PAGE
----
Developer of Polio Vaccine

Jonas Salk: As a child I was not interested in science. I was merely interested in things human, the human side of nature, if you like, and I continue to be interested in that. That's what motivates me. And, in a way it's the human dimension that has intrigued me.

Co-Founder, Innocence Project

Barry Scheck: After I left Berkeley, I worked for awhile for the United Farm Workers union. And then I took the New York and California bar at the same time, which was a little hard then. And then eventually, after I went back, I worked as a public defender in the South Bronx for the Legal Aid Society for two-and-a-half years, before I sort of accidentally wound up as a law professor. That was a great job. That really was the right place to be for somebody like me, and it was a natural extension of what during this period of time there's a whole group of us in this era that were motivated by the Civil Rights Movement and the anti-war movement. If you became a lawyer, what were you going to do? One logical place was defending poor people as a public defender. And it turned out that they sent all the people that they thought had this kind of political motivation to the Bronx. So we were all there when the Bronx was really -- the Carter Administration designated -- like the most bereft urban neighborhood in the United States. It was a time that they made that movie Fort Apache, and unfortunately many of the neighborhoods looked just like that.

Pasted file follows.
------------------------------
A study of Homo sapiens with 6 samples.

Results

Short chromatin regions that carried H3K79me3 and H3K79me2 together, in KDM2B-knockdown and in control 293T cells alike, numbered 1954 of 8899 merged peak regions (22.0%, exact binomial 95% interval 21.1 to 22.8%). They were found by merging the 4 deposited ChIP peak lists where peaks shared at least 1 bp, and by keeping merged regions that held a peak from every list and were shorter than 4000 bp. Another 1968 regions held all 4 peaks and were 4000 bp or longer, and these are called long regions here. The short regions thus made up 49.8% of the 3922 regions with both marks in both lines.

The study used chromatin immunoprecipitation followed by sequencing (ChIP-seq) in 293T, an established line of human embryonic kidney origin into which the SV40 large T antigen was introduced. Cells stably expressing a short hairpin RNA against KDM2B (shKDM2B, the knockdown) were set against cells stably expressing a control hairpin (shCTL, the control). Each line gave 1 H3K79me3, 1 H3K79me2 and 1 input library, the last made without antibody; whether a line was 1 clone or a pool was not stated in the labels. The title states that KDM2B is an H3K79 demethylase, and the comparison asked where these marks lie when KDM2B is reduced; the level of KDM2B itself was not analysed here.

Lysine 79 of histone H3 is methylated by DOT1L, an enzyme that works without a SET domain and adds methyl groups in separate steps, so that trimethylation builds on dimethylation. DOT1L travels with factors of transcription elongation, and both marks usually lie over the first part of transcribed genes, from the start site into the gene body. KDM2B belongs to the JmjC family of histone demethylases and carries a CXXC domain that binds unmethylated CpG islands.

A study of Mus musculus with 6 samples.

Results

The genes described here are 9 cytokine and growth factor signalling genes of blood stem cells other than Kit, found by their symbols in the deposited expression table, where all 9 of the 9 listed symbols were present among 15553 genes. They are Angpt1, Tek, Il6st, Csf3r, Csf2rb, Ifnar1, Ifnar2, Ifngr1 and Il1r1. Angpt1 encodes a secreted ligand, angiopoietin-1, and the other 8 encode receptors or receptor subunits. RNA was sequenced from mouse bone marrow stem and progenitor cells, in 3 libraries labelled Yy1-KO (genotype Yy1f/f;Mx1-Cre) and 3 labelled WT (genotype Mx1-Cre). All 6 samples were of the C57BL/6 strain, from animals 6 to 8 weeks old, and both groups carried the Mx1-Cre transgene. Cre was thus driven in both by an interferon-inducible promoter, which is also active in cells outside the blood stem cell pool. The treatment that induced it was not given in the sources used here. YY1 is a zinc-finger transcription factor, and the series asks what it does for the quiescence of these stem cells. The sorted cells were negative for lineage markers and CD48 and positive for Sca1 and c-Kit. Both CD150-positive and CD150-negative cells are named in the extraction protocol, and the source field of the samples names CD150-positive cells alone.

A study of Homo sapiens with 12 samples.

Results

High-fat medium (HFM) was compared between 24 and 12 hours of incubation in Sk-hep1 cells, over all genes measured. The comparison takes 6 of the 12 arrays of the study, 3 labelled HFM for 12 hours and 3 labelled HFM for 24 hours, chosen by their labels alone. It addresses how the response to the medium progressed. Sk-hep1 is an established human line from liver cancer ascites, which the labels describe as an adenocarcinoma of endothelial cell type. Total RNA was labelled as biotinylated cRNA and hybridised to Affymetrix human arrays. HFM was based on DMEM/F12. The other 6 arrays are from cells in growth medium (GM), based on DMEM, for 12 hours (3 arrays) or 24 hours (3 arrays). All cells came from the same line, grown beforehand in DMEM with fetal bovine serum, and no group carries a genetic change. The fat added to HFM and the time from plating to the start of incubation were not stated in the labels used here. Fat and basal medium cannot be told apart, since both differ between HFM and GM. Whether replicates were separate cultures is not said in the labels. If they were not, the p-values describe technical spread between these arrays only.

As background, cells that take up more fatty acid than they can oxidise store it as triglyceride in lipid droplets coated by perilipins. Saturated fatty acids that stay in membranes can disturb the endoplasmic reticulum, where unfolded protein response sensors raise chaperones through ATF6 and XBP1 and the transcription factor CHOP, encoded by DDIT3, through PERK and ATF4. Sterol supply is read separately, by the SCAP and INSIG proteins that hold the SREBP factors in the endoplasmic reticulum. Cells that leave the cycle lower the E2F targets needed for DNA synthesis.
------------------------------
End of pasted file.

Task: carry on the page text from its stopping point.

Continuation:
Native American Artist

Fritz Scholder: It's strange, but all kids draw. I never stopped. I was real shy, and all I wanted to do was stay in my room and draw, so I wouldn't have to deal with people. This, at the time, was difficult. But in retrospect, I always knew what I had to be. There was never any question. It was all that I could do. Plus, I was a rebel, right from the beginning. If someone told me to do something, I'd do the opposite. So I was, in a way, a bad boy in school, and yet, because I was reserved and because of my talent, I was treated pretty nicely, I must say. I sold my first painting in grade school to a friend of mine for four dollars. And I sold my second painting to a grade school buddy for five dollars and slowly worked up from there.

Native American Artist

Fritz Scholder: Early on, for some reason, I realized that I did not want to live like others. And I saw people go to jobs they hated, come home, and not be happy. I had a problem with authority, so I knew that I couldn't have an eight-to-five job with a boss. But it came early on to me that by being an artist I would have the most freedom. Because an artist not only has to make up his own problem, but then solve it, in whatever way he decides to do that, and it's all up to him.